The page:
Kiwi rider rebounds from stripped silver to win second gold

July 30, 2022 GMT
Winner New Zealand's Ellesse Andrews celebrates as she won the Women's Sprint during the Commonwealth Games track cycling at Lee Valley VeloPark in London, Saturday, July 30, 2022. (AP Photo/Ian Walton)
Winner New Zealand's Ellesse Andrews celebrates as she won the Women's Sprint during the Commonwealth Games track cycling at Lee Valley VeloPark in London, Saturday, July 30, 2022. (AP Photo/Ian Walton)
Winner New Zealand's Ellesse Andrews celebrates as she won the Women's Sprint during the Commonwealth Games track cycling at Lee Valley VeloPark in London, Saturday, July 30, 2022. (AP Photo/Ian Walton)
1 of 6
Winner New Zealand's Ellesse Andrews celebrates as she won the Women's Sprint during the Commonwealth Games track cycling at Lee Valley VeloPark in London, Saturday, July 30, 2022. (AP Photo/Ian Walton)

BIRMINGHAM, England (AP) — Stripped of a medal and issued a fine, New Zealand cyclist Ellesse Andrews turned her fortunes around in stunning fashion at the Commonwealth Games on Saturday.

Andrews shocked Olympic champion Kelsey Mitchell in the women’s sprint at the Lee Valley velodrome, reeling in the Canadian in both races to claim the gold medal.

Andrews’ second gold of the Birmingham Games followed her success for New Zealand in the team sprint on Friday, but her haul could have been greater.

With her country needing a rider on Friday in the 4,000-meter team pursuit after Ally Wollaston broke her wrist at the Tour de France Femmes, Andrews agreed to step in.

Commonwealth Games rules require four riders to start and, with no reserves in the squad, New Zealand named the sprint star in order to be able to participate.

Andrews started the qualifying heat and final, but immediately dropped away from the Kiwi quartet to conserve energy for her duties in the team sprint.


Her absence breached a rule of the cycling governing body UCI, which fined Andrews 200 francs ($210), denied her the silver medal, and docked her race points.

The result will remain on her record, with New Zealand taking the silver medal, but Andrews will not have a physical medal to accompany the two golds she has claimed in these games.

It did not diminish her delight after her triumph on Saturday.

“It’s going to take a while for the results of the past two days to settle in,” Andrews said. “My grandma and my granddad love coming to watch racing and this is my first elite result in front of them because they were not able to come to Tokyo.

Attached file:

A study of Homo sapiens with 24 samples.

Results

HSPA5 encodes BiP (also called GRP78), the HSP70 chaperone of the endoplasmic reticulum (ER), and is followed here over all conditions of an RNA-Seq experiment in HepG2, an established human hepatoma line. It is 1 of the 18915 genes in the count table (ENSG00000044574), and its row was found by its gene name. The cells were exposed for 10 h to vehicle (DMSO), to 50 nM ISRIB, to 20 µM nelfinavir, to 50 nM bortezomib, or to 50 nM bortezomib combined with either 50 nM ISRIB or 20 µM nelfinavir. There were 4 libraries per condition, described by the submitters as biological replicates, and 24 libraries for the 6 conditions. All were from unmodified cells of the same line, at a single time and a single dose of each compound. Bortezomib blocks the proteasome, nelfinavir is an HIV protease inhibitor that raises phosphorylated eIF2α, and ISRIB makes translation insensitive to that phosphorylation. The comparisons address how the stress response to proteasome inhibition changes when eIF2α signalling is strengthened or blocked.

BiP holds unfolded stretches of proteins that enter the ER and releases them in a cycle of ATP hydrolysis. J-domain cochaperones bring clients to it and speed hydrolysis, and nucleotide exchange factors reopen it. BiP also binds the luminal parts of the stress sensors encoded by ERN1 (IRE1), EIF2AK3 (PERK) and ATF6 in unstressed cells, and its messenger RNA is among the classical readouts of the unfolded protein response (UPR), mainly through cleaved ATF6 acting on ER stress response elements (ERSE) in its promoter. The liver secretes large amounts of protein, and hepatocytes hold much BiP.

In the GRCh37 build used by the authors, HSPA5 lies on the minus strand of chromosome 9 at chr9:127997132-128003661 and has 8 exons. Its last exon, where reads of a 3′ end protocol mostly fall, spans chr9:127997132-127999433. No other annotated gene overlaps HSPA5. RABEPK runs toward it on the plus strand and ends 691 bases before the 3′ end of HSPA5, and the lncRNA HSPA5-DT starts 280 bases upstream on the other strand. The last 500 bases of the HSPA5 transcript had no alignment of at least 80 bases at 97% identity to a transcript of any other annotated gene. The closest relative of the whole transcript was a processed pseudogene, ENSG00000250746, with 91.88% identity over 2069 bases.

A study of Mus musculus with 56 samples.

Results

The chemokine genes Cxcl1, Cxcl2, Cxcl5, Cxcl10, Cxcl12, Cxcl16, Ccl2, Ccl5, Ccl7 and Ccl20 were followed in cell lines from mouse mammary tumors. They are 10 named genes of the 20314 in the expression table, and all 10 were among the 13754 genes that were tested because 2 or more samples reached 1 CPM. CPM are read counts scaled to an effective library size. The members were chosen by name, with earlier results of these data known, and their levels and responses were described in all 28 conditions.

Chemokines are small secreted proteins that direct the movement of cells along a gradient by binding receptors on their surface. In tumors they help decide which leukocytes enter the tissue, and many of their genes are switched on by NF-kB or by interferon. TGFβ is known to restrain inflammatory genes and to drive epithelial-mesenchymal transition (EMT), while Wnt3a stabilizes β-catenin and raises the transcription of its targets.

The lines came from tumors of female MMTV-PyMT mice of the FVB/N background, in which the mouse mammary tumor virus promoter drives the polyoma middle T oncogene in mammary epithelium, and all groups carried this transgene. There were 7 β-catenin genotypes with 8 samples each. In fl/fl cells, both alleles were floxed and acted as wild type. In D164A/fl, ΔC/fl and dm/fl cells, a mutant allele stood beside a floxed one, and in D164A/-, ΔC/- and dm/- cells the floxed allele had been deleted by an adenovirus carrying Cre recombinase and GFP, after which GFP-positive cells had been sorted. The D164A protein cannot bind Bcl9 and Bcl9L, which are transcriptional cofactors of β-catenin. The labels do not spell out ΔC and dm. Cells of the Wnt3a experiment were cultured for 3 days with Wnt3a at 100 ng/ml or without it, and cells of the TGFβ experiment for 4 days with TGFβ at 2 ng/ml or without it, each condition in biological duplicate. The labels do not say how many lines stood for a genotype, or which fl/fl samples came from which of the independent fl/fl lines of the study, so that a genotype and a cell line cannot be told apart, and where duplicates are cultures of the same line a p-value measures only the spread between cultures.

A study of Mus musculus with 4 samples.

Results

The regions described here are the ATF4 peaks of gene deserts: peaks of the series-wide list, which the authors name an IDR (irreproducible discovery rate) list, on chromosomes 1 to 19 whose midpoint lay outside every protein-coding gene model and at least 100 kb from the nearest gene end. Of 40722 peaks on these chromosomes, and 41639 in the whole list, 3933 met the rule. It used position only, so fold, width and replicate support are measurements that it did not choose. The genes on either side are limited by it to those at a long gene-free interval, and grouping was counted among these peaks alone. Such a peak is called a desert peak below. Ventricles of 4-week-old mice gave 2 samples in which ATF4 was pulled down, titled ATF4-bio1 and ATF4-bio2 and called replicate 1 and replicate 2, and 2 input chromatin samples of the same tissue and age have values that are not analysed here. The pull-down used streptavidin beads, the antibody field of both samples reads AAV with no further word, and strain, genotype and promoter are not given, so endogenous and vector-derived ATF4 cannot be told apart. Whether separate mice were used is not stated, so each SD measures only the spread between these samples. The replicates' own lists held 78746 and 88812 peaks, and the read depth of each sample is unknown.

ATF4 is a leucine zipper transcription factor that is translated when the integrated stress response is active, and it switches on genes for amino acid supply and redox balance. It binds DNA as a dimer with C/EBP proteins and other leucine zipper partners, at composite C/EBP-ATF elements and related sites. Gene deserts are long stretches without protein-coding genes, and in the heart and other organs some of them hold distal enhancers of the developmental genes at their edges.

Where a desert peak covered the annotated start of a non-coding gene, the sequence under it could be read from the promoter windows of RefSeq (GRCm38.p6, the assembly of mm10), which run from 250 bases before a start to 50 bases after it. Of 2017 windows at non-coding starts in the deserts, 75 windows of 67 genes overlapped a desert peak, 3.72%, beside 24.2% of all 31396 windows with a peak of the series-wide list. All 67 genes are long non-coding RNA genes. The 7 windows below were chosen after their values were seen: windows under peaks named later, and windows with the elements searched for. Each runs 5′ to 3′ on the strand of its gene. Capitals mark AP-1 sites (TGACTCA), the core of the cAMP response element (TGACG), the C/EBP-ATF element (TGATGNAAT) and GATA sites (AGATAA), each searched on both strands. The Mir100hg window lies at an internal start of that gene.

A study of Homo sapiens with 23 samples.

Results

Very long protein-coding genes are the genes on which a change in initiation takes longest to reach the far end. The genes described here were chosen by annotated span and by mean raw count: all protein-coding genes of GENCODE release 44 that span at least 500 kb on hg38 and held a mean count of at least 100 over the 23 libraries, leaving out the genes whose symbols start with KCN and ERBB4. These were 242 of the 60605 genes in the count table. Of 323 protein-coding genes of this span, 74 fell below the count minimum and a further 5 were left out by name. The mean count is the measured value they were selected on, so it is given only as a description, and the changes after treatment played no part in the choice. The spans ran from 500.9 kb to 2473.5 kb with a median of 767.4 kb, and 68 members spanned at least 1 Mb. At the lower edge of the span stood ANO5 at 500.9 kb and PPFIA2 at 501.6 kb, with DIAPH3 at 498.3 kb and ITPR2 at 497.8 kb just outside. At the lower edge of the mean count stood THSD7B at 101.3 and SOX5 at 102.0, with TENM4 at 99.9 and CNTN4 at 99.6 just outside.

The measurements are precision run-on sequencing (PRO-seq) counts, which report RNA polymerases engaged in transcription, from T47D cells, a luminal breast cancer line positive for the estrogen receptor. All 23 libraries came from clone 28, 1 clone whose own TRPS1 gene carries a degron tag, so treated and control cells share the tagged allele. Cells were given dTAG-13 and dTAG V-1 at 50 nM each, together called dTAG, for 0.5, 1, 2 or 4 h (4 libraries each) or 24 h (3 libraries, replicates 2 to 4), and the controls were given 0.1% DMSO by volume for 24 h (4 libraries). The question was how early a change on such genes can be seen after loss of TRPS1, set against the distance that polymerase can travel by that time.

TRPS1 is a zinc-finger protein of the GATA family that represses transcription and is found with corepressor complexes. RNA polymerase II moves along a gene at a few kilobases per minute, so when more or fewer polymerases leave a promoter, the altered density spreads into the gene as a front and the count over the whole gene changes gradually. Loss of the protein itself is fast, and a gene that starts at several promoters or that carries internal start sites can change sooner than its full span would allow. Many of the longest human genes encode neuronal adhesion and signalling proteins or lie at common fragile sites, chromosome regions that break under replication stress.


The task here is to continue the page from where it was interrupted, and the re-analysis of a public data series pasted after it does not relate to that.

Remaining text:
“To be able to go and give them a big cuddle afterwards, I can’t even explain how special that is.”

The UCI also fined an England para-cycling team that protested after being denied an opportunity to participate in a medal ceremony.

Sophie Unwin and her pilot Georgia Holt appeared to have won bronze in the tandem B sprint on Friday. They received an apology on Saturday, but no medal.

The scoreboard declared them bronze-medal winners, but they were later denied access to the podium, bringing Unwin to tears. Under competition rules, only gold and silver medals are awarded when there are fewer than five entrants.

Holding an England flag, they stood behind a fenced off area when the medal ceremony began but were moved on by security.

Later, Unwin and Holt stood alone on the podium with bronze medals borrowed from supportive English teammates. This action led the UCI on Saturday to fine both cyclists as well as England team manager Keith Reynolds 200 Swiss francs ($210), the BBC reported.

The Commonwealth Games Federation apologized to the athletes for the inadvertent distress caused by the confusion but confirmed the decision would stand to protect the integrity of the competition.

In the pool, England’s Ben Proud backed up his success in the 50-meter freestyle at the world championships in Budapest in June by winning the Birmingham race in 22.81 seconds.


Scotland’s Duncan Scott edged his English friend Tom Dean to win the 200-meter freestyle in a time of 1:45.02.

Jessica Stenson of Australia won the women’s marathon, improving on the bronzes she won in 2014 and 2018. She led a breakaway group featuring silver medalist Margaret Muriuki and 2018 winner Helalia Johannes but shook both rivals in the final five kilometers to win in 2 hours, 27 minutes, 31 seconds.

Victor Kiplangat of Uganda won the men’s marathon in 2:10.55, breaking from silver medalist Alphonce Felix Simbu of Tanzania in the latter stages to win by more than 90 seconds.